The folks at CD Projekt RED aren't fond of DRM or QTEs either.
"There's no place for multiplayer in so strongly a story-driven game as The Witcher 3: Wild Hunt," says CD Projekt RED's head of marketing, Michal Platkow-Gilewski. Instead, CD Projekt RED would prefer to concentrate on creating a perfect single-player experience, "delivering more than 100 hours of truly immersive gameplay," Platkow-Gilewski promises, in a world that's designed to be 36 times the size of that in The Witcher 2. After all, thinks CD Projekt RED, telling a story is an art form; it's hard enough to do without trying to keep multiple Geralts happy.
Nor are QTEs welcome at the CD Projekt party; they've been removed completely from The Witcher 3. CD Projekt came to the conclusion that QTEs usually frustrated players, and really only work in a specific set of circumstances. "There is a small number of games where it is fun," says project lead Konrad Tomaszkiewicz, "like, for example, in the Uncharted series, where you don't even realize that you've just finished a QTE sequence." But what works for Uncharted won't work for an RPG, hence why CD Projekt feels the immersion-killing QTE has no place in The Witcher 3.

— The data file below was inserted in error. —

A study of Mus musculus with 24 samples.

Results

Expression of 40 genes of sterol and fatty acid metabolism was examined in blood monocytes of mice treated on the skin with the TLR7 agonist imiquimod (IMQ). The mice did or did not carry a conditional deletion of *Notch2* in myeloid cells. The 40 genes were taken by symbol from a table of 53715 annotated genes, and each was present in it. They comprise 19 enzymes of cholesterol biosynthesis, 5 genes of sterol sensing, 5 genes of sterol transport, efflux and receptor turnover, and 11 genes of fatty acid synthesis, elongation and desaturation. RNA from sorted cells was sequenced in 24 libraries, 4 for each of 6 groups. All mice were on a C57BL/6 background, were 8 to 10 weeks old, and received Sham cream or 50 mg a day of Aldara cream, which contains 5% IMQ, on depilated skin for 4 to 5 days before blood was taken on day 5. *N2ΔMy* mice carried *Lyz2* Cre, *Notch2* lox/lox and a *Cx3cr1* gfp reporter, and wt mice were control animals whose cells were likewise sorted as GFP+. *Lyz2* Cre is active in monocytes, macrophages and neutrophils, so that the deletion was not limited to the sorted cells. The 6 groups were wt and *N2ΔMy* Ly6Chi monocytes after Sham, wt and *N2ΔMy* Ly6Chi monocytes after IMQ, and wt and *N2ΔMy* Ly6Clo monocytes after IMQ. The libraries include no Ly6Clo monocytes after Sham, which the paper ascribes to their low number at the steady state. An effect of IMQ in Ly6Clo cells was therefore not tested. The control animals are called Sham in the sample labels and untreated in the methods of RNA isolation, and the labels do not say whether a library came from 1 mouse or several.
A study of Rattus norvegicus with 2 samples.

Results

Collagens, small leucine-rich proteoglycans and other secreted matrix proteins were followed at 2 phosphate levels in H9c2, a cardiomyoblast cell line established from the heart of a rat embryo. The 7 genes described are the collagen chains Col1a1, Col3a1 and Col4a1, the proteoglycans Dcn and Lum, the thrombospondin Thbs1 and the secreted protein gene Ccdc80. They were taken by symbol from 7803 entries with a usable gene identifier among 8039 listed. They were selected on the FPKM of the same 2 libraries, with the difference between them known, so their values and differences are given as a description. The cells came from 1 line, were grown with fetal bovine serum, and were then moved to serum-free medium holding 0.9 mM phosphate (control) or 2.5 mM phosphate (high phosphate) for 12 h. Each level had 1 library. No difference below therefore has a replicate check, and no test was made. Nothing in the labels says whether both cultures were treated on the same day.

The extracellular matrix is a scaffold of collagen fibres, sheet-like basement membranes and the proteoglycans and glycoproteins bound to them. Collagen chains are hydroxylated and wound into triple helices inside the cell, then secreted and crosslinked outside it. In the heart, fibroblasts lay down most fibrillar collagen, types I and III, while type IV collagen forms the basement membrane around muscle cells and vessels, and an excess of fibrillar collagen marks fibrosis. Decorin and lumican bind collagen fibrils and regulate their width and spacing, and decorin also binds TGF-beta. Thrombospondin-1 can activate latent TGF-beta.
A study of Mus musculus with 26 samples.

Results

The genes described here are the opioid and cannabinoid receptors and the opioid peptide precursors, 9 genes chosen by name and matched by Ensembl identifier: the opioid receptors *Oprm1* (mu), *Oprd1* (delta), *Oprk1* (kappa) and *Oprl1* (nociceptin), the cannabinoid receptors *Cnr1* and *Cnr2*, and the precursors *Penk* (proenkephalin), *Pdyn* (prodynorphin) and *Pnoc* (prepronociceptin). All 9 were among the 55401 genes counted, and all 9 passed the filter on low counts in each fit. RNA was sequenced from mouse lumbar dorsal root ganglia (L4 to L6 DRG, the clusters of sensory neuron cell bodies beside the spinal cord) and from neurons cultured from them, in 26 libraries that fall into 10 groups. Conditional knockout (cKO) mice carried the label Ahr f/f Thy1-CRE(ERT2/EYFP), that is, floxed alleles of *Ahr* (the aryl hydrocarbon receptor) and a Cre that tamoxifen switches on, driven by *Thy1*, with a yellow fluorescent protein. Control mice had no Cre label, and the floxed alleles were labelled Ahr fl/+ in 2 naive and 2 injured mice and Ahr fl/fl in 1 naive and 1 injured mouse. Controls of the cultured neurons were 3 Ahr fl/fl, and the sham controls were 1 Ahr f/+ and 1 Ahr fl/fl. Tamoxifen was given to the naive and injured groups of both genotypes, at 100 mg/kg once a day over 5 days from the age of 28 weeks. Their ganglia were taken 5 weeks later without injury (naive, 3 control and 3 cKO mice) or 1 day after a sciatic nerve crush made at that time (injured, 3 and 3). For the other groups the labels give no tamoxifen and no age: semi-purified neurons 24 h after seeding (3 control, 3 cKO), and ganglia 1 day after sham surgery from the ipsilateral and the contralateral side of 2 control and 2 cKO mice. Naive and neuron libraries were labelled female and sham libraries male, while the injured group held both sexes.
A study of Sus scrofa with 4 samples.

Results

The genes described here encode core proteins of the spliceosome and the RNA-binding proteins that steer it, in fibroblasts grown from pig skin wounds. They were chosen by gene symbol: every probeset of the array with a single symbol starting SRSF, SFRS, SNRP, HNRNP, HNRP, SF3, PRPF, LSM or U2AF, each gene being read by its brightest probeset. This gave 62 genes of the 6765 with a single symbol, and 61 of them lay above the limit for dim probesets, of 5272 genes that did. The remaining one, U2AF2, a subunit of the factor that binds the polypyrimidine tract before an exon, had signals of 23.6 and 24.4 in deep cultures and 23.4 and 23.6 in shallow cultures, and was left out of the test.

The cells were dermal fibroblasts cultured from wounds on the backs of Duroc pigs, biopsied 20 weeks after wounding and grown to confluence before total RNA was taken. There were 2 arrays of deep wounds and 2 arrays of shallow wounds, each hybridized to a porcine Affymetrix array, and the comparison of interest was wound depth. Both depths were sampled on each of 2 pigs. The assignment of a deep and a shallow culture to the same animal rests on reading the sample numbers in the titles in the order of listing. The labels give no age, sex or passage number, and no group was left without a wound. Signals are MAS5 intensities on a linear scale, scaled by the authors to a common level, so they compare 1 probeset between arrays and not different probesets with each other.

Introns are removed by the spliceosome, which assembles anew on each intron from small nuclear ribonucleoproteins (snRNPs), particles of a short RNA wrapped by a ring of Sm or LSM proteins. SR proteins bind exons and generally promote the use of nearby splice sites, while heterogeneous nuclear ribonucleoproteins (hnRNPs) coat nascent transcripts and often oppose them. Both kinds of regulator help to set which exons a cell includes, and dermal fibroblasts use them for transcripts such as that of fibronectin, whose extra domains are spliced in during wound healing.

CD Projekt hasn't changed its stance on DRM, you'll be pleased to hear. "DRM is the worst thing in the gaming industry," Tomaszkiewicz went on to say. "It's limiting our rights to play games owned by us." It's just punishing legal users, he says, and does nothing to deter piracy. Even The Witcher has its share of pirates, but Tomaszkiewicz takes comfort in the fact that Witcher fans actively persecute people who download Geralt's adventures via torrent. "Our fans out there really appreciate that we trust them," says Tomaszkiewicz, "and that we treat them with honesty and respect."
The Witcher 3 is due for simultaneous release on next-gen consoles and PC in 2014.